Existential Crisis: Beyond Suffering
There are times in life when you feel exhausted and you find yourself asking the “big” questions. Why am I here? What is my purpose in life? Am I doing the right thing? What happens when I die? Everyone has had this kind of existential crisis at some point in their lives, although the specific questions they ask themselves might vary.
An existential crisis can happen at any point in your life. Existential crises happen to both rich and poor people. They don’t seem to be related to material wealth.
They tend to happen when you feel like things are out of control. It’s like everything that you felt sure about is suddenly unstable. Like all crises, an existential crisis brings suffering. However, you can find meaning in the crisis to go beyond your pain and suffering. Let’s delve a little deeper into this.
“When we are no longer able to change a situation – we are challenged to change ourselves.”
-Viktor E. Frankl-
What Is an Existential Crisis?
An existential crisis refers to those moments when you question your own existence. They tend to happen unexpectedly and affect the way you see life. In these moments, you ask questions that can shake the foundations of even your strongest convictions.
Existential crises tend to bring on a whole slew of thoughts and feelings. In other words, they affect the cognitive and emotional plane in an intense way. Dealing with so many new sensations and perceptions can be exhausting, which is why so many people consider them negative.
What’s more, existential crises are often related to identity crises. When you start to doubt who you are, you also start doubting everything and everyone in your life.
How to Detect an Existential Crisis
The main characteristic of an existential crisis is a feeling of emptiness. This might not be exclusive to this particular experience, but it is common. Some other symptoms can help you figure out if you’re having an existential crisis or not:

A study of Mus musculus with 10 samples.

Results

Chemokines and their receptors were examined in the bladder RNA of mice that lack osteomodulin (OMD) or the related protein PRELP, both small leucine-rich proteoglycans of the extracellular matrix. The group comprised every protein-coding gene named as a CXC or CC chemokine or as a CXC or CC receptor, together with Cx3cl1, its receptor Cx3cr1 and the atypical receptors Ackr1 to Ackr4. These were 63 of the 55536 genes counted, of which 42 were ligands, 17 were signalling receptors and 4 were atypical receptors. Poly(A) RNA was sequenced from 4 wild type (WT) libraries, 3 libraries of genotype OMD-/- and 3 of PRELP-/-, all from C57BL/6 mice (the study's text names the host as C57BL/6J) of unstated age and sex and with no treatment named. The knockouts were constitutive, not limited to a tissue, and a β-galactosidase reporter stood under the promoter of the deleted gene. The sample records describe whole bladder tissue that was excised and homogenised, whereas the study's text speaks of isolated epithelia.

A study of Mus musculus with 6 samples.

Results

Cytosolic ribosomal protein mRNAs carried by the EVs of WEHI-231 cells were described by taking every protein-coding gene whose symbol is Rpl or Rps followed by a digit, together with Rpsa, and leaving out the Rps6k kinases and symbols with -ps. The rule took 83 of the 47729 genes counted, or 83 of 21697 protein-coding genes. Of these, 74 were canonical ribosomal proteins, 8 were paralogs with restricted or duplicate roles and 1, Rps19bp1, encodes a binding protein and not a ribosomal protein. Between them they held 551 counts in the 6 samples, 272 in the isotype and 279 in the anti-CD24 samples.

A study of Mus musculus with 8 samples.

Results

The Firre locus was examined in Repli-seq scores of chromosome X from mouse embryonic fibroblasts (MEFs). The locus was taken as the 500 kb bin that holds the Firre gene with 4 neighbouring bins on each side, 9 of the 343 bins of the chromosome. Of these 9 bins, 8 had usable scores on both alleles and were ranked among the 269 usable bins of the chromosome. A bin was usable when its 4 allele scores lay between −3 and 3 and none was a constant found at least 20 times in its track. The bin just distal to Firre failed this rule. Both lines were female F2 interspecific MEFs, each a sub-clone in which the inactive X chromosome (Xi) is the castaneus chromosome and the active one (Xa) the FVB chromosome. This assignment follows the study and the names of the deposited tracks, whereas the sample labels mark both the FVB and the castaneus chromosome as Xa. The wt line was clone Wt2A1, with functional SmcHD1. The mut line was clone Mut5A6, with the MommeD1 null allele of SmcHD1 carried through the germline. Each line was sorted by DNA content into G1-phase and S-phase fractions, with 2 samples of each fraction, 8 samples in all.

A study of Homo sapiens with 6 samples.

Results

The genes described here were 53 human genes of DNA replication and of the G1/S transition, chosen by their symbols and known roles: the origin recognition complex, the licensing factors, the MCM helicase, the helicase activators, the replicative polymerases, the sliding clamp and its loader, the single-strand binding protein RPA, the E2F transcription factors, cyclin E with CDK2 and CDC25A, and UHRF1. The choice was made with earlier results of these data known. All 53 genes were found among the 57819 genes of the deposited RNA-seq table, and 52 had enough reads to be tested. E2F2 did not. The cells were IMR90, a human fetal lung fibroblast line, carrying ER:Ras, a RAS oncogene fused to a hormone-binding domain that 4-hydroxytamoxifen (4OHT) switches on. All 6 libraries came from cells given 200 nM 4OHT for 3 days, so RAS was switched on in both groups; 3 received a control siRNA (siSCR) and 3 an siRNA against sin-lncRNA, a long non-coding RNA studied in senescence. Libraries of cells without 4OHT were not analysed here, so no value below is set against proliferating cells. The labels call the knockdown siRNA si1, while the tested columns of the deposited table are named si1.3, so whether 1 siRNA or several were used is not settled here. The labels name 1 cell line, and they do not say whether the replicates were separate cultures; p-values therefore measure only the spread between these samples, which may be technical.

- Lack of meaning. Your life has no direction. Your personal life and the world lack any kind of significance.
- Feeling of uncertainty. You feel insecure and you question life and death, good and evil, etc.
- Emotional instability. Unsettling thoughts and feelings come over you.
- You can’t deal with your emotions. You don’t know what to do, who you are, or what purpose anything serves, so it’s hard to accept your responsibilities and make decisions.
Of course, the symptoms vary from person to person. After all, each human being is unique and has unique experiences. What’s more, it’s important to point out that an existential crisis can happen along with other mental disorders such as depression. However, that doesn’t mean that having an existential crisis will necessarily lead to depression.
Using the Crisis to Your Benefit
While an existential crisis can certainly be exhausting, you can use it to your benefit. It’s all about seeing things from a different perspective. You have to value your potential and use it to make things better.
Austrian neurologist and psychiatrist Viktor Frankl emphasized this way of looking at an existential crisis. He proposed that people have the ability to rise above difficult situations and overcome adversity. To do that, you first have to find meaning in that particular situation and in existence in general.
In fact, Frankl created logotherapy, a type of psychotherapy that argues that the driving force for human beings is the search for meaning. He also considered each person unique and incomparable, which means that each individual’s process will also be unique.
Victor Frank’s Logotherapy
This type of therapy helps you figure out your purpose in life and consequently helps you find meaning. The key is to move beyond suffering and see your existential crisis as an opportunity to explore who you are and move forward.
Logotherapy has been around for a long time and continues to be effective. One example of logotherapy in modern psychology and psychotherapy is this study of Iranian students and depression.
Logotherapy can also help you stop seeing yourself as a victim of this onslaught of emotions. Instead, you can seize the opportunity to improve your resilience. In other words, your ability to overcome adverse situations.
If you change your perspective, you’ll be able to see concepts, ideas, and resources that you might have missed before. In addition, if you accept that crisis is an intrinsic part of life, your anguish might be replaced by serenity.
Getting through an existential crisis without any scars is almost impossible. So, instead of wasting your effort, try accepting it, exploring it, and figuring out why it happened and where it can take you.
Existential crises are part of life. Learning how to deal with them is a personal process, but seeing them as learning opportunities is a healthy strategy for all. The most important thing is to transcend your suffering and doubt so you can come out of the crisis stronger than ever.